One of the most exciting and complex strands of our work for the CAFADA project has been the creation, implementation, and evaluation of a creative participatory project that some of our researchers led in a specialised youth centre in England, aimed at supporting young people affected by domestic abuse. Started from the careful work of Jo Alexander, this project has then been handed over to Laura Bellussi just before its start, in September 2022.
Laura worked closely with youth workers and artists to deliver something special. Over the course of six months, a group of eight young people, aged 10 to 14, met monthly with the researcher and a range of artists – including a spoken word artist, and three music composers – to gather thoughts and ideas on their experiences being part of this innovative youth service. Creative and narrative methods were used to give shape to feelings and to elicit memories. Jasmine Plumpton, a poet, spoken word artist, and doctoral student in creative writing at the University of Newcastle, encouraged the young people to use a range of media – such as, photography, creative writing, and drawing – to express their views on a series of topics.
… memories of their hometown.
… memories of the service.
… what an ideal service would look like.
… and metaphors, such as, “the lighthouse”.
Laura complemented her work by co-facilitating the group and guiding written or verbal reflection on what ideal support looks like, and what kind of help is currently available for young people affected by domestic abuse.
The young people were amazing to work with, they were motivated and attentive. Their views were articulate and deliberate in stating what they liked and did not like, what worked or did not work for them, and their thoughts were a source of inspiration to us. Youth workers helped us make sure that everyone was heard; we learned from each session what could be adjusted to make sure that the groups were effective in bringing this important piece of work forward.
All data collected were meticulously elaborated by Jasmine into a collection of four poems, that were then transformed into four songs, composed by the brilliant musicians from Off Beat Workshops and Musical Seeds. The musicians worked closely with the young people to make sure that their ideas for the backtracks, including mood, speed, and sound effects, were respected and applied. The group collaborated then with a recording studio (LUMA Sounds) and the young people gave voice to the poems by transforming them effectively into spoken word pieces. It was an exciting experience, and everyone had fun.
Below are two of the spoken word poems, read by the young people who took part in this project.
A youth worker commented: “This has been a really wonderful project to be a part of, it has been incredible to hear the young people’s thoughts and ideas and see them brought to life through music and poetry.” Music, postcards, photographs, and many other “memorabilia” of the project became part of an art exhibition and a public engagement event, hosted in March 2023, which saw the participation of the young people and attendance of families, stakeholders of the service, and outstanding members of the community.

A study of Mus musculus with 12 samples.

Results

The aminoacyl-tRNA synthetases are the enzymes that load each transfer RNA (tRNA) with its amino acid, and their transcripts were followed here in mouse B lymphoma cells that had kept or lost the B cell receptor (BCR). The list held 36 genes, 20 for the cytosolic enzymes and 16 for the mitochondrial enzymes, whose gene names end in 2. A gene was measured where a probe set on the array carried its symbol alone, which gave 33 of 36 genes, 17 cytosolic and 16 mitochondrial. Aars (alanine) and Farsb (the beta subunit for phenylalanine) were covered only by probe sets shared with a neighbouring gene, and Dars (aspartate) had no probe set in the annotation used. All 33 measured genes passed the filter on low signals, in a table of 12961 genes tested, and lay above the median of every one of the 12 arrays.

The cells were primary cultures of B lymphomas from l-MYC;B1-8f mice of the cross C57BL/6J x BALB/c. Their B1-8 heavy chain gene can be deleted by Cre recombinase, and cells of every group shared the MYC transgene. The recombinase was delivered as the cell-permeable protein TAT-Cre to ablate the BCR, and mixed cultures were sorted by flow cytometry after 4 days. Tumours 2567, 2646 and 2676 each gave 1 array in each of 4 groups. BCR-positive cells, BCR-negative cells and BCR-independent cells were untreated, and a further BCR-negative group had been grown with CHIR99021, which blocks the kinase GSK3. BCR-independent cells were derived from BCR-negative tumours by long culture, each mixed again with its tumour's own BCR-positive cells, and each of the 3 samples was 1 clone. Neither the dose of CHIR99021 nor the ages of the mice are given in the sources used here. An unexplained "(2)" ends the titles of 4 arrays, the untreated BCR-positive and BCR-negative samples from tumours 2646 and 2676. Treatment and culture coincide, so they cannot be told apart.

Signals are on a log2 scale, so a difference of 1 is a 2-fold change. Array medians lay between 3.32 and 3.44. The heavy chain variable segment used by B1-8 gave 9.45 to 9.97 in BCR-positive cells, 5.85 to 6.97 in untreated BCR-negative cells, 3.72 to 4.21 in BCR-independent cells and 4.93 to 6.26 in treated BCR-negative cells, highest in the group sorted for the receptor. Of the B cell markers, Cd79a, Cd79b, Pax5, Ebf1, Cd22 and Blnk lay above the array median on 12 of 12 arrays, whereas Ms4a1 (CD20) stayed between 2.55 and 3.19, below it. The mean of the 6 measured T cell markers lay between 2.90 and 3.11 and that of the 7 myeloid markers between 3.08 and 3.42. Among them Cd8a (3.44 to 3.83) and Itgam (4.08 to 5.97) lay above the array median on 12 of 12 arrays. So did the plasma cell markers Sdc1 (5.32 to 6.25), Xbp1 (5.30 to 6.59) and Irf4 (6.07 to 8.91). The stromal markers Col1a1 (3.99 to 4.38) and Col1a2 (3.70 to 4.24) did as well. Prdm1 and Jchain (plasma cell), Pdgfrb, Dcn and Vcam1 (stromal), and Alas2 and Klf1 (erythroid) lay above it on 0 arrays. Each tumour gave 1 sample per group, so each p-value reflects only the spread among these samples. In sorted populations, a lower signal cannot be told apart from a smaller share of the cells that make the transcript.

During the event, the poems were printed on maxi-sized sheets and hung to the walls on frames, that could be doodled upon by the young people. It was lovely to see them writing and working on them by adding funny extras and new layers of meaning, taking full ownership of what they created. A young person drew next to the title of one of the poems: “I did this!”. The songs were then played in front of the audience, and there was some time for comments and open discussion. Plus, of course: a delicious buffet.
Laura Howes, music composer from Off Beat Workshops, remarked: “It was a pleasure to be involved with this project. The young people and other artists created such amazing and emotive poetry. It was a joy to work with them and to craft a sound that fitted the feel of the poems. Really loved the final result and very much enjoyed hearing the final pieces at the reveal party. I hope the young people involved are very proud of themselves, they created something amazing!”
During the engagement event with stakeholders and community members, including trustees and politicians, we wanted to make sure that young people had their chance to communicate with them, without putting anyone on the spot. That’s why we distributed postcards where adults could ask questions to the young people anonymously, and vice versa, and then anyone in the audience could raise their hand and answer. The result was fascinating, and we collected excellent feedback from the attendees about how articulate the young people are, as they left the room with a deeper understanding of their experiences and what feeling supported and respected means for them.
Mark Louisy, a music composer from Musical Seeds, concluded: “I thought it was a great project to be involved in. What was particularly powerful was the young people’s voices. They’re words coming to life. I thought given the change in personnel, we all worked really well together.” However, the project is not ended until we are able to gauge its impact in practice. We will write reports, and articles, and get back in touch with the attendees, to make sure that their commitments to the service are put into action. Research shows that young people are disillusioned with “participatory” projects that exploit their opinions without translating their wishes into practice. This is our commitment as a research team, to make sure that young people’s voices are heard, and our promises are more than just words.